October 10, 2008
Saviors of the Prairies
By DENVER NICKS
Tour the Tallgrass Prarie Preserve. tulsaworld.com/photos
Colombians visit Pawhuska to learn how to save their own lands.
PAWHUSKA -- Two hundred years ago, bison herds of unfathomable immensity thundered across the tallgrass prairie as it stretched uninterrupted throughout central North America.
The ecosystem that supported them has nearly disappeared.
This month, a group of activists from Colombia visited one of the last vestiges of this landscape, in northern Oklahoma, to learn conservation techniques as they work to protect a similar ecosystem in their country. Over the course of a weeklong tour of protected lands in Oklahoma, the Colombians and their American counterparts exchanged ideas and discussed the changing face of the conservation movement worldwide.
The Tallgrass Prairie Preserve, near Pawhuska, is the world's largest remaining tract of tallgrass prairie. Since 1989, the Oklahoma chapter of the Nature Conservancy, one of the world's leading conservation organizations, has maintained the 39,000-acre protected area, encouraging a return to its natural state. The Conservancy hopes to similarly protect an area known as the Orinoco River Valley in Colombia.
"Grasslands are the least-protected ecosystem in the world," said Mike Fuhr, state director of the Nature Conservancy for Oklahoma. Because they are well-suited to agriculture and human settlement, these fragile regions have been exploited rather than protected, he says. With years of fire suppression, fragmentation of the landscape with roads and fences, introduction of invasive plant species and near extinction of the bison, the prairie has been converted into farms, ranches and suburban subdivisions.
Fuhr believes it is worth protecting.
"The tallgrass prairie is a really important part of our heritage here in Oklahoma -- it's what brought people west."
It filters groundwater and hosts plant species with potential medical uses, he says. Fuhr added that the open prairie has an intrinsic value all its own.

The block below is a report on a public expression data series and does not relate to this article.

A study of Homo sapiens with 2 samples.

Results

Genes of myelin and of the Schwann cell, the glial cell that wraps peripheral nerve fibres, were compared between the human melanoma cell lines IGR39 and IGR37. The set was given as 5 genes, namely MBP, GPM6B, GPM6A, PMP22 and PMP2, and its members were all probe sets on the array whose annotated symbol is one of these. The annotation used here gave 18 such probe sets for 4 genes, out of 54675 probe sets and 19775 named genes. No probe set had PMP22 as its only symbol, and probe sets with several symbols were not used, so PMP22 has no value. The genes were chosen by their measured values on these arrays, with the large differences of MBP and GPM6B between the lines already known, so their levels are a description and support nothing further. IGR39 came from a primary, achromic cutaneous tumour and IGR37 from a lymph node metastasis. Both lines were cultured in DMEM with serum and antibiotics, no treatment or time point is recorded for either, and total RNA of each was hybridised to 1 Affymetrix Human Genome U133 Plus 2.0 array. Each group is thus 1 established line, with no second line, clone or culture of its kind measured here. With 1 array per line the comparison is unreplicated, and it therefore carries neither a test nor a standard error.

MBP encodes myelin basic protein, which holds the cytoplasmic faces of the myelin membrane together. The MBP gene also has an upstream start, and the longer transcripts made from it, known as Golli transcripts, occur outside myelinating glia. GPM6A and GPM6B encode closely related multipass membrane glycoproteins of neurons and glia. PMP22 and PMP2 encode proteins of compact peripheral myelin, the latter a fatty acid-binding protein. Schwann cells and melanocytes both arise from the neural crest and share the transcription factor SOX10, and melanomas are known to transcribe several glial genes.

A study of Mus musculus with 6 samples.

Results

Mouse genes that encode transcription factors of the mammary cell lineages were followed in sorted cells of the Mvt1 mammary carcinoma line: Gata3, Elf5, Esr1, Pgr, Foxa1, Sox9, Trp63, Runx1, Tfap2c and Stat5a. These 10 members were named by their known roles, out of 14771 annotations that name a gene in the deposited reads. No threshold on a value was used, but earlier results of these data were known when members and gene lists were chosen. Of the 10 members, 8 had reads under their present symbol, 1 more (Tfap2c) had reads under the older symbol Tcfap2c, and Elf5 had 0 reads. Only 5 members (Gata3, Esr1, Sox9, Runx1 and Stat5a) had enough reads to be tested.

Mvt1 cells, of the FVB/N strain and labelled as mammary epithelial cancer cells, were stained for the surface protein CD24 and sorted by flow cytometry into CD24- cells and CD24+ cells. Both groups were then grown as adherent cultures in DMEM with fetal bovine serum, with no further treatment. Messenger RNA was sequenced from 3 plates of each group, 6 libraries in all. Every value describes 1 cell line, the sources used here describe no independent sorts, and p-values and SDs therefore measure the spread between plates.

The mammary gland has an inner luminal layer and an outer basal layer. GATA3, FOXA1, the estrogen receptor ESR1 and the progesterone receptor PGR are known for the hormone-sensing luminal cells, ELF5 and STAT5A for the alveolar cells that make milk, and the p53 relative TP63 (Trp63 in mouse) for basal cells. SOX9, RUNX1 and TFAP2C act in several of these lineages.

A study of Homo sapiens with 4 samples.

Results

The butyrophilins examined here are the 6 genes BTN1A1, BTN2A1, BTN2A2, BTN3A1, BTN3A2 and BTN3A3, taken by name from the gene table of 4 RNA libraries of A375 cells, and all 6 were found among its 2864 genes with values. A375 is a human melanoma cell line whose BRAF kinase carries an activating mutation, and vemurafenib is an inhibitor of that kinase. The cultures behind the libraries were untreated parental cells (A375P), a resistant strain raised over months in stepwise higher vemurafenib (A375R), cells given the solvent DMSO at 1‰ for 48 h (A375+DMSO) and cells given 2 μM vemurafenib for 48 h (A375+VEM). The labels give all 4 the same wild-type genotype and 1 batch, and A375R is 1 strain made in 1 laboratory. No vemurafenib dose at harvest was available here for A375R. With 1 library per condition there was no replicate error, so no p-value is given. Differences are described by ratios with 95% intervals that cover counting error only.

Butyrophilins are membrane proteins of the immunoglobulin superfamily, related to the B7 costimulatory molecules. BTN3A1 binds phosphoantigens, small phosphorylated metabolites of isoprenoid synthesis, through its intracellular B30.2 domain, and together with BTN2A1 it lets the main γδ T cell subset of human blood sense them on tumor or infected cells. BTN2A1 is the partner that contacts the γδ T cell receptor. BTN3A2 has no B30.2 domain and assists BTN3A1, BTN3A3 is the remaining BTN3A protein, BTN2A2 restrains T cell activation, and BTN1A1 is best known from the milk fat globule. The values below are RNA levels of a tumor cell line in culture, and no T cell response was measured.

"It's a great place to go to recharge the batteries," he said.
On a cool morning, the sun radiating on the horizon, the Colombian and American conservationists awoke at the bunkhouse on the reserve for a classic American breakfast with a twist. Over scrambled eggs, bacon, biscuits and gravy, they sipped steaming Colombian coffee and discussed conservation in the 21st century.
"The old way that conservation was done was by buying lands -- the challenge is to find other venues," said Jaime Erazo.
"We must conserve to produce, and produce to conserve," said Lourdes Panuela, leader of a nongovernmental organization that builds bridges between conservation and private enterprise.
"The idea is that production and conservation can become the same thing," she said through an interpreter.
Jay Pruitt, Conservation Director for the Nature Conservancy in Oklahoma, agreed.
"It's all about working with the landowners," he said.
In the past, conservationists mostly sought to create sanctuaries devoid of human interference. This group sees the future differently. Though havens remain important, they believe the natural world can be protected more effectively by working with the private sector.
In some ways the new approach is more natural.
Looking onto the vast and ancient prairie, it's easy to see idyllic visions of a pre-human past. The prairie is a reminder that humans are as much a part of the natural world as any other animal.
"Humans created this landscape," said Bob Hamilton, science director at the preserve. Fires started by humans became an integral part of the ecosystem, injecting biodiversity and renewal into the cycle, he said.
"We are just the recipients of 12 or 13 thousand years of great ecological management," he said
Panuela said she felt at times she was looking at her own country. "Well, we don't have bison," Erazo noted.
The herd of more than 2,600 is one of the largest in the world.
Harvey Payne, who has been involved with the preserve since its inception, encouraged the Colombian group to act now to protect their remaining grasslands, adding, "Today. it's as easy as it's going to get."